Born in Liverpool, England, on this date in 1940, John Lennon was too old to be a baby boomer.
But the leader of the Beatles has always held a special place in the lives of the post-World War II generation, and his 70th birthday today has millions of fans around the world and thousands here in the Capital Region thinking about his life, his death and what will never die — his music.
There’s been a new release of his post-Beatles hits timed to the landmark birthday, and tribute concerts, or at least musical nods to his influence, are planned at concert venues across the country.
Skidmore College music professor Gordon Thompson, author of “Please Please Me: Sixties British Pop, Inside Out,” said Lennon remains someone special.
“In many ways, John Lennon represented a twentieth-century Everyman: someone in whom we could see ourselves re-imagined in extraordinary circumstances with a quicker wit and more charisma,” Thompson wrote this week on an Oxford University Press blog.
Lennon was the acerbic leader of the Beatles — the “smart one,” in the way people pigeonholed the band members — a genius whose questing spirit matched that of the 1960s. The world followed as he and other band members explored drugs, religions and outer boundaries of what rock ’n’ roll could be.
Then, after the bitter breakup of the Beatles in 1969-70, he and wife Yoko Ono moved to New York City and he became a prominent peace activist while launching a solo career whose best music — like “Imagine” — stands with that of the Beatles themselves.
“It’s one man who pretty much changed a lot of people’s lives for the better. Everybody has their own internal way that they feel about him,” said Howard Glassman, manager of the WAMC Linda Norris Auditorium in Albany and a longtime presence on the Capital Region music scene.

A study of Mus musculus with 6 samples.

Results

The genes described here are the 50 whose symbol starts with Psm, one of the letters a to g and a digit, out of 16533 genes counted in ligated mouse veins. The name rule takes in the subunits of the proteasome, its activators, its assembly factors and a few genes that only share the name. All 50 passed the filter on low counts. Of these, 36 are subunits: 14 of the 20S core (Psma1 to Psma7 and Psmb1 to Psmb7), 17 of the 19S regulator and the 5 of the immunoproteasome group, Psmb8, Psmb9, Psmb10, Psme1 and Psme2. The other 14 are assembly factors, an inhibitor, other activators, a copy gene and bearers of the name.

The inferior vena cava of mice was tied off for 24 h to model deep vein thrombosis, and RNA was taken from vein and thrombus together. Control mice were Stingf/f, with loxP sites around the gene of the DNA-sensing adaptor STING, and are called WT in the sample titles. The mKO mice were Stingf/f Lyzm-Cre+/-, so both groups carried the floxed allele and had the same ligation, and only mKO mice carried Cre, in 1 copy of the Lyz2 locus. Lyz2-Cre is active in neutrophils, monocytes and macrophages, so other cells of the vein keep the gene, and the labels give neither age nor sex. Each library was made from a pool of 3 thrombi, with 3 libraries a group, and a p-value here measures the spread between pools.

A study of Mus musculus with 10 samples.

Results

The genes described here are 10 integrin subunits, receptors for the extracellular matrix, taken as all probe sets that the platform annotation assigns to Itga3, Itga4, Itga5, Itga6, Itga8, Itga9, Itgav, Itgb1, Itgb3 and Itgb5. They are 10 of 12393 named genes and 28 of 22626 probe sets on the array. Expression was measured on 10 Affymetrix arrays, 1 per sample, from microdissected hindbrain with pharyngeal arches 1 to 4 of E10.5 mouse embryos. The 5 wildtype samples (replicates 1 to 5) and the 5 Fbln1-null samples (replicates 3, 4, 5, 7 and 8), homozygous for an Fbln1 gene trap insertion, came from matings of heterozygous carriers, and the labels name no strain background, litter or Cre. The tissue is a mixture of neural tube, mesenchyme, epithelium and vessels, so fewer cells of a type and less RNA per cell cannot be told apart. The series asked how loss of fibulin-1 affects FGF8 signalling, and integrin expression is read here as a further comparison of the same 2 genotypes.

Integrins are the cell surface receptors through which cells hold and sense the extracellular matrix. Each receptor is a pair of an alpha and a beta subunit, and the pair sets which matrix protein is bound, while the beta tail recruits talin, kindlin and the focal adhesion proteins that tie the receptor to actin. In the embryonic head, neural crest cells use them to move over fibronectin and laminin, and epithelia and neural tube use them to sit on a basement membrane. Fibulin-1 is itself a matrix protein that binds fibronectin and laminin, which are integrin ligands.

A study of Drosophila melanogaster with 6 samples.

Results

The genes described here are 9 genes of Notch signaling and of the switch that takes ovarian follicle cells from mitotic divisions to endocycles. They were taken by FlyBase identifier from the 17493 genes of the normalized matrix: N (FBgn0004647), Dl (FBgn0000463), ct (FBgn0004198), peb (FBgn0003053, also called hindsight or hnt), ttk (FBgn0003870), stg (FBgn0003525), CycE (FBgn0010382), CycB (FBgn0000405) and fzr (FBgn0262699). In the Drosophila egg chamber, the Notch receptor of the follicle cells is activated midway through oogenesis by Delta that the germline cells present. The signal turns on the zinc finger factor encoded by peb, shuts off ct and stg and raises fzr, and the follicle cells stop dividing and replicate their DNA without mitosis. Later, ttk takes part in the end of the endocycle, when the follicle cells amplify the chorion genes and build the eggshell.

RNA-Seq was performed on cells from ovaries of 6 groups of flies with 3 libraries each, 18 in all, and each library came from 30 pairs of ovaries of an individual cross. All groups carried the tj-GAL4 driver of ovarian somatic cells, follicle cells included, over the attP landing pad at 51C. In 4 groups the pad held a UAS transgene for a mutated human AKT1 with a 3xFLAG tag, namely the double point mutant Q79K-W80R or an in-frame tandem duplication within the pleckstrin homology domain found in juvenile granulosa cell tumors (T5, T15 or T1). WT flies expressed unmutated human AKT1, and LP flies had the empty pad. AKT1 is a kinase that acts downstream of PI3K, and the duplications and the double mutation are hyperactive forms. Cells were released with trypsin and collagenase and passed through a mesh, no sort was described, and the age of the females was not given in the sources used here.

Then, on Dec. 8, 1980, as he released his first album after a five-year hiatus to raise son Sean, Lennon became the first Beatle to die.
“I got up that morning and I thought it was a bad dream. Obviously it wasn’t,” recalled Glassman, then a teenager, who found the tragic news on the front page of the Schenectady Gazette he was delivering in the city.
Lennon was shot repeatedly on the sidewalk outside his Central Park West apartment building, the baffling act of a demented fan to whom he’d given an autograph only hours earlier.
His assassination “left an indelible mark on us, standing as one of those moments stained in memory and time,” Thompson wrote in his blog post.
Mark David Chapman was convicted of murder and remains in prison. He’s currently at the Attica maximum security prison in western New York.
Thompson was living in Los Angeles and returning from an evening out with a friend when he turned on the TV and learned Lennon had been killed.
“I remember watching the news until there was no more news left to watch,” he said Friday. “The next day I ran out and bought the Playboy magazine that had the interview with him and Yoko Ono. That complete interview remains a very significant interview for research purposes.”
And the music Lennon made, especially with Paul McCartney, George Harrison and Ringo Starr, remains sought-after.
“Beatles are the No. 1 requested interest here,” said George DeMers, a clerk at Divinyl Revolution, a vintage record store in Saratoga Springs. “No matter how high we price it, it goes.”
DeMers said there doesn’t appear to have been a spike in interest because of Lennon’s birthday, but interest is always high.
Eileen Albright of Middle Grove was another Lennon fan, and then Lennon was shot to death on her birthday. Her sister, then in college in Buffalo, hitchhiked to New York City for the memorial service.
“It’s really hard to accept,” she said of the idea of an aging Lennon. “In my mind, he’s still a young, spry guy.”
Albright has made three trips to Strawberry Fields, the spot in Central Park near where Lennon was shot set aside to remember Lennon and his ideals. Yoko Ono had scattered his ashes there.
“Whenever you go there, it’s crowded,” Albright said. “It’s always covered with flowers.”
Her husband, Dennis, owner of T-Shirt Graphics in Ballston Spa, said the landmark birthday of the superstar just makes him feel “old” — and beyond that, he’d rather remember positive things.
“I remember seeing them on ‘The Ed Sullivan Show,’ that’s what I remember,” he said of another famous date in Beatles history: Feb. 9, 1964.